September 22, 2014
Bharatvarsha - India has been graced since time immemorial by incarnations, rishis and sadhus. Whenever evil elements stifle Dharma - righteousness, God incarnates on earth to re-establish Dharma. Lord Ramchandra in the age of Treta and Lord Krishna, at the end of Dwapar, are the two most notable.
Five thousand years after Lord Krishna passed away, into the age of Kali - darkness, the ogre of evil defiantly arose out of its banishment, once again darkening the minds and hearts of the people, its grip suffocating eighteenth century India. Severing vital nerves and arteries, it deprived the land of life-giving moral and spiritual nourishment; hindering healthy growth of the eternal values of Dharma, Satya - truth, Ahimsa - non-violence and Brahmacharya - celibacy.
Thus He incarnated as Ghanshyam on 2nd April 1781 (Chaitra Sud 9, Samvat 1837), in the rustic village of Chhapaiya, in northern India, to a Sarvaria brahmin pundit named Hariprasad Pande. He was the second of three sons; Rampratap, the elder brother and Ichharam, the younger. His mother, Premvati was lovingly known as Bhaktimata, and father Hariprasad as Dharmadev.
When Ghanshyam was three months old, a sage astrologer named Markandeya, studied His zodiac signs. He then revealed to Dharmadev,
"Since He is born in the Kark Rashi (sign of Cancer in the zodiac), His name will be Hari. His dark complexion will also confer the name Krishna and Ghanshyam. He has the virtues of tapas (austerity), detachment, yoga, Dharma, leadership, truth and vivek (power of discrimination). Therefore people will also call Him Neelkanth.
"He will establish Dharma on earth and remove pain and misery from people. He will be famed all over the land. He will also induce people with samadhi (a state of spiritual trance). He will lead people to the path of God."
About this time, Dharmadev decided to test Ghanshyam's innate instincts. He placed a gold coin, a scripture, and a sword on the floor. On all fours, Ghanshyam toddled towards these objects; trying to lift the scripture, avoiding the other two. Dharmadev jubilantly lifted and hugged Him, deducing that He would surely attain scriptural learning.
Ghanshyam's first encounter of animal slaughter for food occurred during His stay in Chhapaiya.
In a town named Ballampaddhari near Chhapaiya, the state king had recently camped with his army. Two of the soldiers were Dharmadeva's relatives. Therefore Dharmadev decided to visit them with Rampratap and Ghanshyam. When they reached the encampment, they heard goats causing a commotion in one of the tents. Dharmadev peeped inside. Horrified at what he saw, he quickly turned back. But Ghanshyam, observing Dharmadev's ashen face, also walked up to the tent in curiosity. He saw the king supervising the slaughter of the goats for food.
Ghanshyam walked away in pain. He then induced all the elephants and horses of the army to break tether and stampede towards the tent. The king bolted out first, and heard a mysterious and authoritative voice, which commanded him to beg forgivance for the killing, from the Lord who was standing in the form of a little boy nearby. The king saw Ghanshyam with Dharmadev and Rampratap. He bowed at Ghanshyam's feet, begging for reprieve from the maddened elephants. Ghanshyam not only made him promise to renounce animal slaughter but to propagate Ahimsa (non-injury in mind, action and speech for all living creatures) in his kingdom as well. The excited elephants and horses calmed down instantly, returning to their tethers.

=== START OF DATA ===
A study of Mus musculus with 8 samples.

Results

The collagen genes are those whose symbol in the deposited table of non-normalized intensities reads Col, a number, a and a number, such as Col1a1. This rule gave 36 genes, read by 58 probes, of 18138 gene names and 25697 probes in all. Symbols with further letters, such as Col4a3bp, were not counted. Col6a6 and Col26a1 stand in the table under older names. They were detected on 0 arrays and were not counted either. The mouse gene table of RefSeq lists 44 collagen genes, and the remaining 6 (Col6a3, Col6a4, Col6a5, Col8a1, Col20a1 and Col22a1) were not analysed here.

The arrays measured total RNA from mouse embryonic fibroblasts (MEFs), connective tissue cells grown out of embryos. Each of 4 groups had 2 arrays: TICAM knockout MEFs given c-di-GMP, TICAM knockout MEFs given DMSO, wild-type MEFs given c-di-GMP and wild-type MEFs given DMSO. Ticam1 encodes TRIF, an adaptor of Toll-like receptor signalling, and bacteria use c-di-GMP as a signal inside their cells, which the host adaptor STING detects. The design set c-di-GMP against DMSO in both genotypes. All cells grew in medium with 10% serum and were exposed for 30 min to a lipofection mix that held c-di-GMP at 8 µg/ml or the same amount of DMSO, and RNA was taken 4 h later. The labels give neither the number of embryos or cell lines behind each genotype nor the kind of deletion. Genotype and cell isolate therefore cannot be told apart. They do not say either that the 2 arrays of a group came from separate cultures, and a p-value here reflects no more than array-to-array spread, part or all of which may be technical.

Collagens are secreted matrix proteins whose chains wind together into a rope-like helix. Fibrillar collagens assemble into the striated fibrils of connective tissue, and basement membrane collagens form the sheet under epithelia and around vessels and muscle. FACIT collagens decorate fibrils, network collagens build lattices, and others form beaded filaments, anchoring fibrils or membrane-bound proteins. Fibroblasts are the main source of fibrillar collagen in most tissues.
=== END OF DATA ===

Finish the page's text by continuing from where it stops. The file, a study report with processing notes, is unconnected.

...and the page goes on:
On another occasion, Ghanshyam revived a basketful of dead fish in a lake. He then instructed the surprised fisherman not to commit such sin by changing his means of livelihood.
Having lived in Chhapaiya for a few years, the family moved to nearby Ayodhya, when Ghanshyam was five, to escape harassment from evil people.
With a marked inclination for devotion and a remarkable disinterest towards material pursuits, Ghanshyam loved to visit mandirs every morning and evening. After darshan (sight) of the murtis (icons), He would listen to the narration of divine episodes from the Ramayana, for this ancient sacred city is revered as the birthplace of Lord Rama.
Ghanshyam's divine disposition often startled but pleased the family. Engrossed in katha (scriptural exegesis) once, He forgot to return home. Rampratap, His elder brother searched for Him in the city's mandirs. On seeing Ghanshyam in one, he asked Him to return home with him. The katha nearly over, Ghanshyam suggested that Rampratap, in the meantime, have darshan in the neighbouring mandir while He Himself sat through to the end of the katha. Arriving at the nearest mandir, Rampratap, to his astonishment, saw Ghanshyam there as well. He then dashed from one mandir to the next. He saw his younger brother in each one!
Other miracles included: walking on water across a lake, and defeating adult wrestlers in contests.
At the age of eight He commenced Sanskrit studies under Dharmadev after being invested with the yagnopavit rite. By the age of ten, the child prodigy had mastered the Vedic scriptures.
Around this period, He accompanied Dharmadev, who was to chair a scholarly debate in Benares - the renowned centre of knowledge (Jnan) in India. When a tie arose, Ghanshyam, with Dharmadev's permission, gave a brilliant exposition, convincing the scholars of the soundness of the Vishishtadvait philosophy (qualified non-dualism).
Soon after returning from Benares, both parents passed away. Ghanshyam then left Ayodhya, for the Himalayas, to begin His life work of establishing Ekantik Dharma, on 29th June 1792 (Ashadh Sud 10th, Samvat 1849). He was only eleven years old.
His mendicant garb consisted of only a loin cloth. He carried an icon of Bal Mukund (the Lord) and His miniature diary containing the gist of the scriptures, the result of His studies with Dharmadev.